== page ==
Step 1: Tools and Materials
Free weights (for "clamping")
You'll need a book that is a little larger than the object you are making a case for. The kindle measures 7 1/2" x 4 3/4" x 7/16". The book I used measures 8 1/2" x 5 3/4" x 1". I considered many books, and spent some time looking at some old books trying to find one with a clever title, like Fahrenheit 451, or Catching Fire, but ultimately settled on a sketch book that had no title at all, just a clean black cover. It just felt a little more sophisticated.
For the foam, I was looking for both dense and firm. In the foam world, density is a measure of how big the cells of the foam are, and firmness is a measure of how hard it is to compress. I found a kick board that was being thrown out at a local pool and while it felt a little too rigid at first, after cutting it to size it was perfect. I also considered using wood and strategically placed Sugru, but the foam kick board proved easier for making adjustments.
Step 2: Cutting
While you have your knife out, cut your foam to shape as well. I wanted access to the power button and headphone jack, and wanted to the leave the speakers clear as well so I opted for two foam cutouts that look like brackets, i.e. [ ], that will go full length along both sides of the Fire and just come around the corners on top and bottom by about 1/2".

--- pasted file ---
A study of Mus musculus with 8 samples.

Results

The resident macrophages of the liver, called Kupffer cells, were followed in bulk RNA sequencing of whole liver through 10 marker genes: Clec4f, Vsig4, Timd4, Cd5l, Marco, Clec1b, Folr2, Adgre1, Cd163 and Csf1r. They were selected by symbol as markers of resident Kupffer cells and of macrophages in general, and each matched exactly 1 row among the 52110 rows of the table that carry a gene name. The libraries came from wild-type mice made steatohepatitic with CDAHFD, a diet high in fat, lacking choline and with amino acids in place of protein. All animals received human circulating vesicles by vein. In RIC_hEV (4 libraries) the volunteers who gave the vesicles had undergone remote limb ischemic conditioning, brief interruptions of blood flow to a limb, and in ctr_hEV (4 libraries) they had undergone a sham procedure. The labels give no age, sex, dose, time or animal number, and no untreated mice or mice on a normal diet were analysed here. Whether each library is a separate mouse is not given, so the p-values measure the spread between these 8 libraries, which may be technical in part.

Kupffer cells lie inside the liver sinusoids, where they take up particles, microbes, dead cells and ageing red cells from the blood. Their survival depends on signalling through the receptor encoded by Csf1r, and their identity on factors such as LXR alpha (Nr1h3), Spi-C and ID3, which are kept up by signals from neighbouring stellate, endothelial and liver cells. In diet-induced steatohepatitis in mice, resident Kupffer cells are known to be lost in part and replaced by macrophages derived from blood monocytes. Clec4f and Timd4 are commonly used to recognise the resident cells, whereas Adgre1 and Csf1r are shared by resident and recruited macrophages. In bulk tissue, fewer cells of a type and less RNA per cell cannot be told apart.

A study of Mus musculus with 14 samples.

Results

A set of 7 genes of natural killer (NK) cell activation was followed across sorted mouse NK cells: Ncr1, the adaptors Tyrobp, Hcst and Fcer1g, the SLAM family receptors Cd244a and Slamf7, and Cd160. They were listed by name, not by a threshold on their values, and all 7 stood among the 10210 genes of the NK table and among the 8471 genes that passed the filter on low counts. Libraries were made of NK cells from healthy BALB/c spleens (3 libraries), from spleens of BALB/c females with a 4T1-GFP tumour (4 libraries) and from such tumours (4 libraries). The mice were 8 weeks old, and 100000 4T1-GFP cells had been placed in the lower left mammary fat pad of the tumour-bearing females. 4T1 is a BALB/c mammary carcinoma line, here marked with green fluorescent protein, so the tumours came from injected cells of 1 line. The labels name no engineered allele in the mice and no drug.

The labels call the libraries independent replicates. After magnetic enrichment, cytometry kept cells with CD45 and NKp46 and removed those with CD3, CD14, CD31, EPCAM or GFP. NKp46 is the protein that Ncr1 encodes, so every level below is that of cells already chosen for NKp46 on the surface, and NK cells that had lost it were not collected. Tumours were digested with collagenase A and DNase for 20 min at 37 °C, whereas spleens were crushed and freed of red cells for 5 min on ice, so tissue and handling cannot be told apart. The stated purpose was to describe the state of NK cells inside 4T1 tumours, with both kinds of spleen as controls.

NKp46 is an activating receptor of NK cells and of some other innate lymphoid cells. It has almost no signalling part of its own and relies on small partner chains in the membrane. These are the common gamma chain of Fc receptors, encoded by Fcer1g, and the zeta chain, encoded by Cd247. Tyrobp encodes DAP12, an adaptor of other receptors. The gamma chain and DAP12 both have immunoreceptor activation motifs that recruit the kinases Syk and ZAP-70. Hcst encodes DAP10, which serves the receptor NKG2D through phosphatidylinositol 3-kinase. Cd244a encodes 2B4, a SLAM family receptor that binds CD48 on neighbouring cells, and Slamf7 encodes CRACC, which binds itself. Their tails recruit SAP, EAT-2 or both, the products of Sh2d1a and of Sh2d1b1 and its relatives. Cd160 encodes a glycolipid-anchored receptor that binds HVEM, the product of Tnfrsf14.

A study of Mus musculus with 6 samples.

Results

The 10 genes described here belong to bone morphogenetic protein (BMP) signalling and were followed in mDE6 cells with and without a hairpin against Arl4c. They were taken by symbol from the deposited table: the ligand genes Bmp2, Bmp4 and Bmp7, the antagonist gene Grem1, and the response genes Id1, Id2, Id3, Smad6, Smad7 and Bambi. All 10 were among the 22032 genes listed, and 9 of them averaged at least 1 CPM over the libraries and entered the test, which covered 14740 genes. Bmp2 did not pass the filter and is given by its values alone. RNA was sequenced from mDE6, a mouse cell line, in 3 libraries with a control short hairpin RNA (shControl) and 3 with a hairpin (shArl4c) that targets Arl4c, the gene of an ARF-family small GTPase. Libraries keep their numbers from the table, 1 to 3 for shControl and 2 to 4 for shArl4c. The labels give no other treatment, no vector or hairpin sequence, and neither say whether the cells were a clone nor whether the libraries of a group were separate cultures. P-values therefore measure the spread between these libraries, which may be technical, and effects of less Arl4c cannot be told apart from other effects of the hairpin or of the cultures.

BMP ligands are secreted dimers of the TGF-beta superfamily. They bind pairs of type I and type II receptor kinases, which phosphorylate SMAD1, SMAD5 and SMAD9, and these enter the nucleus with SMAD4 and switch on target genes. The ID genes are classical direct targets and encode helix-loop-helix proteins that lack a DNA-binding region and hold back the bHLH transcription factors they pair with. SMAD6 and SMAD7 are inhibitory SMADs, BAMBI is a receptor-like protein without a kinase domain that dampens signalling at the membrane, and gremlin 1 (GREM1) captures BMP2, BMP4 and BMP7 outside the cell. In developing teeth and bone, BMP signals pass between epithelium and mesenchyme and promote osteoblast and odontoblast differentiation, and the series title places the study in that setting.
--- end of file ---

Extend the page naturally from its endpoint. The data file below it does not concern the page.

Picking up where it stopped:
The brackets themselves measure 1 1/4" wide by 8 1/4" tall overall, with a cutout on one side that measures 3/4" by 7 1/2". they are just under 3/4" thick.
I also measured and cut the felt to size. I wanted enough to cover the white paper that was on the inside cover of the sketchbook, roughly 8 3/8" by 5 1/2".
Step 3: Gluing
I used polyurethane glue to adhere the foam in the hope that as it foamed and expanded, it would work it's way into the foam of the kick board. I think it worked well. I used a thin bead of glue, then spread it with a razor blade to get coverage everywhere, but keep the glue layer thin. This really helped minimize any "foam out" from the glue joint.
With the glue spread thin, I misted it with water to activate the glue and carefully placed it on the edge of my cover. I then closed the book and leaned some free weights all along the edge to act as clamps and let it sit overnight.
Next day, I used the same process to glue the bracket along the spine side of the book cover.
Step 4: More Gluing
Place the felt down and carefully push from the center to the edges to get it to lay flat without any puckers.
I used another book and the free weights again to clamp and let it sit overnight.
Step 5: Spacer Pads
Step 6: Final Thoughts
A few of things I would consider if I built another. First, the spine seems somewhat weak and I think it could need reinforcing at some point in the future. I am thinking about using fiberglass cloth and rubber cement so that it is strong but retains the flexibility that I want. Second, it might be nice is to get a book that is a little larger than this one and add some cutout space in the foam for headphone or synch cable storage. Lastly, I would consider an elastic band to keep the book closed. just a couple of eyelets and some 1/8" black elastic band under the first foam bracket would do the trick nicely. Oh well...Live and Learn.
Post pics if you make one of your own!